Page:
As marked before from the original switch, one wire (either power in, or the wire to the light fixture) goes to the black terminal, two wires go to the brass screws, and the bare copper wire (not visible here) goes to the ground screw.
What is the black screw on a light switch for?
The black screw has the black (common) wire that runs up to the light through the yellow cable. The two grounds are connected together and then to the green ground screw on the switch. To summarize, the black screw gets either the wire from the electrical panel or the wire going to the light.
Where does the black wire go on a switch?
When you turn on a light switch, power goes to the light through the “hot” (black) wire and then back through the neutral (white) wire to the ground. The bare or green-wrapped ground wires serve as a backup to divert the power safely away in case of an electrical fault.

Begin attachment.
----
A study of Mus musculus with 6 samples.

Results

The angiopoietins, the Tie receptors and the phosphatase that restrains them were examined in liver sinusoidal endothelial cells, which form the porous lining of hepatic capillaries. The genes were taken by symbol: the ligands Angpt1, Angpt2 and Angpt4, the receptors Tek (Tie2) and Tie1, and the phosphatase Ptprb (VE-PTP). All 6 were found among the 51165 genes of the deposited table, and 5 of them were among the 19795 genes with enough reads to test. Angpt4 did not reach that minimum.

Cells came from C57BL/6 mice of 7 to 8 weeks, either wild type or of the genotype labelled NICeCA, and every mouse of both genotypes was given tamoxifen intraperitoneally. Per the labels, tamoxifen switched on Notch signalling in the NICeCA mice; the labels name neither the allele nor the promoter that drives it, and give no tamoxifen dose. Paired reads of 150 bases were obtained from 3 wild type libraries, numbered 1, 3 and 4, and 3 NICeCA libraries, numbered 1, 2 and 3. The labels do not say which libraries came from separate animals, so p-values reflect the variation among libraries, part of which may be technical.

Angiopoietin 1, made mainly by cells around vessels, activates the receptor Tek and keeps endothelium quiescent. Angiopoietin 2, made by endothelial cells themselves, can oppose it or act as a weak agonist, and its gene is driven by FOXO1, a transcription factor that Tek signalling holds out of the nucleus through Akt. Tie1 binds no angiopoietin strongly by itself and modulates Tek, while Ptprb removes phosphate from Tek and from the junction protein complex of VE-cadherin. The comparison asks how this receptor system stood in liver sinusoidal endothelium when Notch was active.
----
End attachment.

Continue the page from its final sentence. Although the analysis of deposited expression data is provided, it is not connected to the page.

Does it matter which black wire goes where when changing a light switch?
With a switch loop yes, it should. The hot wire should come down from the ceiling on the white wire and go back up on the black wire. Just think white down, black up. If you wired it the other way around, hot black down and hot white up, you have a problem.
What wire goes on the common screw?
hot The most important wire to get right is the one connected to each switchs common screw terminal. This is the hot wire (usually colored black, but not always), and it brings the power from the source and delivers it to the first switch and then from the second switch to the light fixture.
Does the hot wire go to the black screw?
The white (neutral) wire connects to the silver screw, or you place it in the back wire hole on the same side of the device as the silver screw. The black (hot) wire goes to the brass screw or into the hole in the back of the device on the same side as the brass screw.